Europe's Top Can't-Miss Architectural AttractionsBy Fareboom Staff, Mon, Nov 25, 2019
Like many North Americans, I’m easily charmed by Europe’s handsome buildings. From ordinary city streets to world-renowned landmarks, Europe’s architecture has the kind of complexity and character that I dreamed about growing up near Toronto, where it’s rare to find a building older than 200 years. Even if you can’t tell a nave from a vault, or a Baroque building from a neoclassical one, here are a few European attractions that you don’t need to be an architectural buff to appreciate.
Trevi Fountain, Rome
Trevi Fountain is one of those bucket list sites people tell you that you just can’t leave Rome without visiting; yet, I didn’t anticipate it with the same excitement I did the Coliseum or the Vatican. Perhaps in part because my expectations were neutral, I was amazingly impressed by this imposing fountain. Stretching 20 meters wide and 26 meters high, it completely dominates more than half of Trevi Square. Sometimes the presence of hundreds of tourists can spoil the impact of a famous site; but in the case of Trevi Fountain, there was this rumble created by the crowds combined with the pounding of the water that actually seemed to enhance the fountain’s powerful presence.
Aside from its status as a Baroque masterpiece, Trevi Fountain is a must-see attraction in Europe because of an associated legend that you may well know. It’s said that visitors who toss a coin into the fountain will return to Rome someday. It’s kind of a tourist gimmick, but a sweet sentiment nonetheless.
Sacré-Cœur Basilica, Paris
Notre Dame and the Eiffel Tower tend to steal the spotlight in Paris, but Sacré-Cœur just might have been my favorite of all three. On a clear day, the bright white building looks undeniably striking with the bold blue sky behind it. The interior is equally arresting, with an enormous golden mosaic – the largest in France – on the ceiling depicting Jesus Christ with outstretched arms.
The basilica is located on Montmartre hill, standing tall over Paris and acting as an incredible viewpoint over the city. It’s a particularly beautiful spot at night when you can see the Eiffel Tower illuminated against the dark sky. You can also go up to the top of the basilica’s iconic dome for another beautiful view.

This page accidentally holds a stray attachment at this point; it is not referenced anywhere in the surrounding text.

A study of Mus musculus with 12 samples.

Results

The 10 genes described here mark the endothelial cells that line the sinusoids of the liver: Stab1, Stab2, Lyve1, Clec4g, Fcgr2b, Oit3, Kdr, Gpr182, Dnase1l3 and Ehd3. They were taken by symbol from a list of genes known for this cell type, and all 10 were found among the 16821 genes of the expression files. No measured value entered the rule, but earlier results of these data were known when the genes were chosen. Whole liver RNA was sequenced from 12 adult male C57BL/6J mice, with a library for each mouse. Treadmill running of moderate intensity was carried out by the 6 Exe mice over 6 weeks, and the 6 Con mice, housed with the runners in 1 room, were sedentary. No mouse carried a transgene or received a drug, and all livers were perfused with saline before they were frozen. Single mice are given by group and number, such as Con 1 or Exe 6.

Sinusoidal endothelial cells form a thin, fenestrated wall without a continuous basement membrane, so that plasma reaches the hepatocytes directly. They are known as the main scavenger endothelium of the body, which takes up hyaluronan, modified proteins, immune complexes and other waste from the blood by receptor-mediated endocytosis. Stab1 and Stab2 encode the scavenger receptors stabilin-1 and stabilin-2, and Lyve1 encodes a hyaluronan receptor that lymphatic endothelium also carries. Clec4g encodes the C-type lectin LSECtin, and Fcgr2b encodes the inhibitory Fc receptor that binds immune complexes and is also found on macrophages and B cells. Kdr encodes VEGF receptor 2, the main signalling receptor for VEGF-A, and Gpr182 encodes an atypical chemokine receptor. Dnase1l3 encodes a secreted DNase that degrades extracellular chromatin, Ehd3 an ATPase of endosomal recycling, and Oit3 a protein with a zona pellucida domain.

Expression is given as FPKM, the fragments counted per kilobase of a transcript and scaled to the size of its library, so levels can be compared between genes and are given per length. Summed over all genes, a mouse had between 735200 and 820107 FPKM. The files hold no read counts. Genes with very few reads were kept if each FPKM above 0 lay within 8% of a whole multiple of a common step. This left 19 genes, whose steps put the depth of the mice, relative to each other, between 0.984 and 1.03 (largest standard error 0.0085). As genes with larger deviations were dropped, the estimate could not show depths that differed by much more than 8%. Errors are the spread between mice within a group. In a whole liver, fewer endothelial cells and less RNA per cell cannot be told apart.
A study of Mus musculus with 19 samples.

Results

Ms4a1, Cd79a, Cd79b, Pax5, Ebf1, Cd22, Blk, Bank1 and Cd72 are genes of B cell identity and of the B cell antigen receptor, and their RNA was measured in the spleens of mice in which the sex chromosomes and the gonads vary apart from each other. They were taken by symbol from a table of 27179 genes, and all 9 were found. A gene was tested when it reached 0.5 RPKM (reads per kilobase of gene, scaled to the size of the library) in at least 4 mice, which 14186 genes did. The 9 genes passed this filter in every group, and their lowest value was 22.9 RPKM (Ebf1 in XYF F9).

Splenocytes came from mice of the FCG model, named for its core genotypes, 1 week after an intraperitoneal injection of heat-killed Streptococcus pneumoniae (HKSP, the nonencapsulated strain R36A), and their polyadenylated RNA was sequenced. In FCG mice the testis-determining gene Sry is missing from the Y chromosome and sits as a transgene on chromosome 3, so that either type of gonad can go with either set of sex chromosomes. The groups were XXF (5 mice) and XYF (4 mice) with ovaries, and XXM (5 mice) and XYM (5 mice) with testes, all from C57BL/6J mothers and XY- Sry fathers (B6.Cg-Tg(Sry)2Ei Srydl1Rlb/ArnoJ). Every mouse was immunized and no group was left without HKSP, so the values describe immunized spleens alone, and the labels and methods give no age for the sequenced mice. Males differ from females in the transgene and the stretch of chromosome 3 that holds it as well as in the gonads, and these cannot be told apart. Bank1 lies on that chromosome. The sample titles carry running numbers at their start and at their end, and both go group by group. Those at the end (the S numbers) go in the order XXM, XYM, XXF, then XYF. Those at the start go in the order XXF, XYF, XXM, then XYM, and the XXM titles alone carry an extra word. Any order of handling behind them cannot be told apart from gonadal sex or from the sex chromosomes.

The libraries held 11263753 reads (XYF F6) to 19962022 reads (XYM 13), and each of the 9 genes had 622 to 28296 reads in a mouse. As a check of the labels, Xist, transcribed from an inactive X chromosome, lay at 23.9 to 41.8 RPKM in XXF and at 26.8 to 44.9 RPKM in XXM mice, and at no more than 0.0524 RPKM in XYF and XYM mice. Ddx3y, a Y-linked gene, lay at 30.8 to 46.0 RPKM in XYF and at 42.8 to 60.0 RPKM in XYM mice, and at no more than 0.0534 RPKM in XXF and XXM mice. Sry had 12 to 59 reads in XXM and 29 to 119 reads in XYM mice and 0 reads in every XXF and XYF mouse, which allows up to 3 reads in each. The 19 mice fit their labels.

The steps outside the basilica are usually crowded with tourists, locals, street performers, and musicians. I really love the energy of the area, although it is important to be slightly wary of scammers and pickpockets who try to take advantage of the high volume of tourists.
Park Güell, Barcelona
Colorful, dream-like Park Güell is one of the most recognizable sites in Barcelona. A striking example of architect Antoni Gaudi’s vivid imagination, the park is an eye-catching web of intricate mosaics, twisting architectural curves, and strange towers.
The park’s entrance is defined by two unusual rounded buildings and a mosaic dragon ‘guarding’ a grand flight of steps. Across from the buildings is an alcove with fantastic acoustics, where musicians often perform.
At the top of the park is a viewing terrace hugged by a curved, snake-like bench. With views over the park and Barcelona stretching all the way to the Mediterranean Sea, this spot is one of the most popular places in the park for a photo op.
Park Güell is among the most famous attractions in Barcelona, so you definitely can’t expect to be the only one walking around; however, as you move away from some of the most well-known landmarks, you’ll find quieter paths and areas to explore.
Gamla Stan, Stockholm
While Trevi Fountain and Sacré-Cœur are long-time tourist hot spots, Gamla Stan is probably one of the lesser-known recommendations on this list. Stockholm’s old town, Gamla Stan, is one of Europe’s largest and most well-preserved medieval city centers.
Dating back to when the city was first founded in the 13th century, Gamla Stan is a beguiling maze of hidden alleyways, cobblestone streets, and weather-worn townhouses. The majority of the buildings were constructed between the 18th and 19th centuries, with many now converted into cafés, restaurants, and even bars set in old underground vaults. Interestingly, you can actually tell when each building was constructed based on its girder anchor, an iron wedge visible on the outside of the building. The styles and shapes of these anchors varied over the centuries, making it possible to tell the age of any building just by looking at it.